Call it a breach of contract, involuntary servitude, or a backdoor draft, whatever way you look at it, soldiers are forced to put their lives in danger against their will. The movie Stop-Loss, had failed at the box office, attracting only vets to relive the frightful memories. But it succeeded at telling a real-life story of not only hundreds of thousands of soldiers who were stop-lossed, but of millions suffering from PTSD (Post-Traumatic Stress Disorder) as a result of this horrendous and pointless war.
Stop-Loss, a term applied to contracts across many fields. But in military terms, it means:
“Orders that authorize the military to suspend nearly all discharges, transfers, and retirements, and to retain soldiers at Army’s disposal. As troop strength is strained by activity in Iraq and Afghanistan, thousands of active-duty soldiers and reservists are forced to remain in uniform after fulfilling the terms of their contracts. Many could be sent to Iraq or Afghanistan for second or third tours of combat.” – Boston Globe
Three days after September 11th, and 11 times since, President Bush charged numerous troops back to duty, to avoid an unpopular draft. Either way, Bush is damned if he did, damned that he didn’t.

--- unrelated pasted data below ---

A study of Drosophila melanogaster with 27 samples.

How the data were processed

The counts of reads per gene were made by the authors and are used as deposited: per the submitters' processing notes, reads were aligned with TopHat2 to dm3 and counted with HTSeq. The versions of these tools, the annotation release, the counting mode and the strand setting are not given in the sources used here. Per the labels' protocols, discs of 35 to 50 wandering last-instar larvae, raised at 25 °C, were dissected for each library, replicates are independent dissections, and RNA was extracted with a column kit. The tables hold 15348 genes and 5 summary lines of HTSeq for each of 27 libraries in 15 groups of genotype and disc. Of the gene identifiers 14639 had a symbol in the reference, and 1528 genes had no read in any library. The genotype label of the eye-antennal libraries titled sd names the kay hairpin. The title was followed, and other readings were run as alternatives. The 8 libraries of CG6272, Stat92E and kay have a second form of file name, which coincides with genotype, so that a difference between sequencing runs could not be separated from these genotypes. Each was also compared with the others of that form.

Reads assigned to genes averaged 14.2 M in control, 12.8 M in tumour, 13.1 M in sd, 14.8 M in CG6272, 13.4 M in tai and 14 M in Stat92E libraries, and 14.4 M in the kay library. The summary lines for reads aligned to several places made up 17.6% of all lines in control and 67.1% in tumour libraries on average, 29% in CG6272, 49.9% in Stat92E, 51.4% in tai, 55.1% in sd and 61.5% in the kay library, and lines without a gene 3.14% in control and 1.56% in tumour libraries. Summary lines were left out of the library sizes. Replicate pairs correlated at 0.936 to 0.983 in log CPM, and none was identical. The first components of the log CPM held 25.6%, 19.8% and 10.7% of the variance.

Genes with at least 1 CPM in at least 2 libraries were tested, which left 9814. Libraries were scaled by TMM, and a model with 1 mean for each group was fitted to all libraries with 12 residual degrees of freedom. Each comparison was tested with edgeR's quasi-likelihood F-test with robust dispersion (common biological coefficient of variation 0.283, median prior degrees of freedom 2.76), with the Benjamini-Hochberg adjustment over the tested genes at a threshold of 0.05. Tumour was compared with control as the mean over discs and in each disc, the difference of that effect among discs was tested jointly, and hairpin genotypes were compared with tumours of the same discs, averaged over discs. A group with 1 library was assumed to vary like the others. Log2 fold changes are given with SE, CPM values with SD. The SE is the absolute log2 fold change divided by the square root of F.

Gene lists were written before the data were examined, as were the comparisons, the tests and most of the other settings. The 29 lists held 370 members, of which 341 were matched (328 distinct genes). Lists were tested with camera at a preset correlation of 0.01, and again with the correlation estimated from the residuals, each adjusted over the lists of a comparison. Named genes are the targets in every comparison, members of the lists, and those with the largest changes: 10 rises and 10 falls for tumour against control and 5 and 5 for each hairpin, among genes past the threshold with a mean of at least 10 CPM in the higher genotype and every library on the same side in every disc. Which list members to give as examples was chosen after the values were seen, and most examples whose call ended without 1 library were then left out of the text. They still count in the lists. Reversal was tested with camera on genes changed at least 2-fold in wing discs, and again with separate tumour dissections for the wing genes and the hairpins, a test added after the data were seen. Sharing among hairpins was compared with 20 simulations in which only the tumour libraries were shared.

“The stop-loss policy is wrong; it runs contrary to the concept of the volunteer military set up in the aftermath of the Vietnam War.” – NYTimes
Voice of America (VoA) states that “during the Vietnam War, a soldier only had to do one tour of duty. Soldiers today are sometimes sent back for three or four tours. So they're subjected to multiple threats to their livelihood.”
Something that the movie describes all too well, is the state of the soldiers returning from deployment, adjusting to civilian life, starting life from scratch because their services don’t translate well to cubicle environment. Some continue to sleep with their fan on, as they did in the bunkers to muffle the noise of bombs and helicopters, some react as drastically as they were taught, kill or be killed, and some lose perception of reality altogether.
VoA also adds that as a result of PTSD we’ll “see an explosion of domestic violence, homelessness, substance abuse, because there are no resources to take care of these soldiers when they come home. It's just not there."
Anyway, check out the movie Stop-Loss and see if you agree with the reviews:
Here's the first major movie of the new year that touches greatness, and damn if there isn't a curse hanging over it.
As a nation, we owe them more than they owe us -- as this painfully necessary and heartfelt movie makes abundantly clear.
There's a keen and ugly sense of anguish to Stop-Loss, a caged sense of powerlessness beyond political outrage that makes this film far and away the most effective effort yet at capturing the frustration of the war in Iraq.
Stop-Loss is not a great movie, but it’s forceful, effective, and alive, with the raw, mixed-up emotions produced by an endless war -- a time when the patriotism of military families is in danger of being exploited beyond endurance.